Here are a few of the what I consider some of the significant books I have read this past year. They are not in any particular order.
The Aeneid by Virgil:
A friend whose knowledge of literature I respect had recommended reading Virgil. Also one of my favorite quotes from Willa Cather's "My Antonia" mentions the poetry of Virgil. I picked up a copy of a reprint of a respected English translation at Barnes and Noble, and worked my way through it. Given the beauty of some of the passages in the English translation, I wish I had taken Latin so I could read it in its original language. It is an epic story and an exposure to classic literature is not complete without reading "The Aeneid".
O' Pioneers! by Willa Cather:
"O Pioneers" along with "My Antonia" and "The Song of the Lark" comprise a trilogy of Willa Cather's more prominent novels. I was captivated by Cather as an author a number of years ago when I read "My Antonia". I have seen the movie adaptation of "O' Pioneers", and for some time have had this on my list of "must read" books. I was not disappointed. Cather's description of the prairie and the interplay between the land and the immigrant pioneers that settled on it is exceptional. I am now looking forward at some point in this coming year to reading "Song of the Lark".
The Difficult Doctrine of the Love of God by D. A. Carson:
I consider this my most significant theological read of the year. It is a relatively short book, but in my mind of significant importance. Carson discusses how God's love becomes distorted, what it means in a Biblical context to say God is love, the issue of God's love and God's sovereignty, and concludes with a discussion of God's love and God's wrath. In that last chapter there is a very helpful section where Carson deals with the love of God and the intent of the atonement.
Prison Nation by Jenni Merritt(Kindle Edition) and Kingdom by Anderson O'Donnell (Kindle Edition):
The first dystopian novels I ever read were George Orwell's "1984" and A. Huxley's "Brave New World". There were a few others along the way, but it has been a number of years, even decades, since I have seriously revisited the dystopian genre.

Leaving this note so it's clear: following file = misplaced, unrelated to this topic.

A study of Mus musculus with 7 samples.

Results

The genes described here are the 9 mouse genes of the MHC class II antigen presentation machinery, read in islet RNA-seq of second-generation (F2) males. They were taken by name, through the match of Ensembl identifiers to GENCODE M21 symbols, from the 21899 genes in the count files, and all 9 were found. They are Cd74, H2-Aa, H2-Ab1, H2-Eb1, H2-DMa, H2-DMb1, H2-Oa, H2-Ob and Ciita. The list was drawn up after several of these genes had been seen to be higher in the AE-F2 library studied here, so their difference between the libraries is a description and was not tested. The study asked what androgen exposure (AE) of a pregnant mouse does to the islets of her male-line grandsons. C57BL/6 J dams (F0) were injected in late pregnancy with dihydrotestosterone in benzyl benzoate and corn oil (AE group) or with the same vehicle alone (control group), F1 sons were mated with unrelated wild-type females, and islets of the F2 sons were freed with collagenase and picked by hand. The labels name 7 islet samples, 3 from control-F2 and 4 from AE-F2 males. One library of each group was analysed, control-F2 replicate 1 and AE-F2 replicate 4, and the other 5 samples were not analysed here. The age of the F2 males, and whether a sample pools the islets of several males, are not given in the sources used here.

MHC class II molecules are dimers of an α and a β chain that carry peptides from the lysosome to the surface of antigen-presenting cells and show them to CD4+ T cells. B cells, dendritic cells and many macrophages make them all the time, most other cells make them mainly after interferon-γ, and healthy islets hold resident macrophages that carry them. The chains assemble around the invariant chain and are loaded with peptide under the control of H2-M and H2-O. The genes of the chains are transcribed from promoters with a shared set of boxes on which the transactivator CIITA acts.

A dystopian novel takes a specific trend or cultural current in society and follows that trend or current to a logical extreme. This challenges the reader to look at those trends and currents with a more properly critical scrutiny. To write a dystopian novel in a way that makes it "realistic" and "believable" takes some real writing skill. Both of the above titles meet the challenge.
"Prison Nation" will challenge your view of "law and order" issues. Of the two titles, it is the more Orwellian.
"Kingdom" challenges the governmental-industrial complex and the extremes of DNA research and DNA manipulation. It is in some respects reminiscent of "Brave New World". I need to warn you that "Kingdom" gets an "R" rating for language and sex. As such, I do not give it a full unqualified recommendation even though it is of a relatively high literary quality. Read at your own discretion.
The dystopian genre is not one I would ever want to fixate on. The genre by definition can be pretty dreary and bleak. Some dystopian writings such as "1984" don't leave the reader with any thought that there may someday be hope for positive change in the bleak new world order. "Prison Nation" and "Kingdom" in contrast do leave the reader with a faint glimmer of hope that something better will eventually come; think "V for Vendetta". Though the genre is not one to fixate on, it is a literary genre worth visiting every now and then.
The Aristotelian by Steve Poling (Kindle Edition):
I want to also mention my friend Steve Poling's first published work "The Aristotelian". In this short novel Poling explores the influence of Mycroft Holmes on his younger brother Sherlock. Steve has since also published a Sci-Fi collection titled "Finding Time" (available on Kindle) which is on my "to read" list for this next year.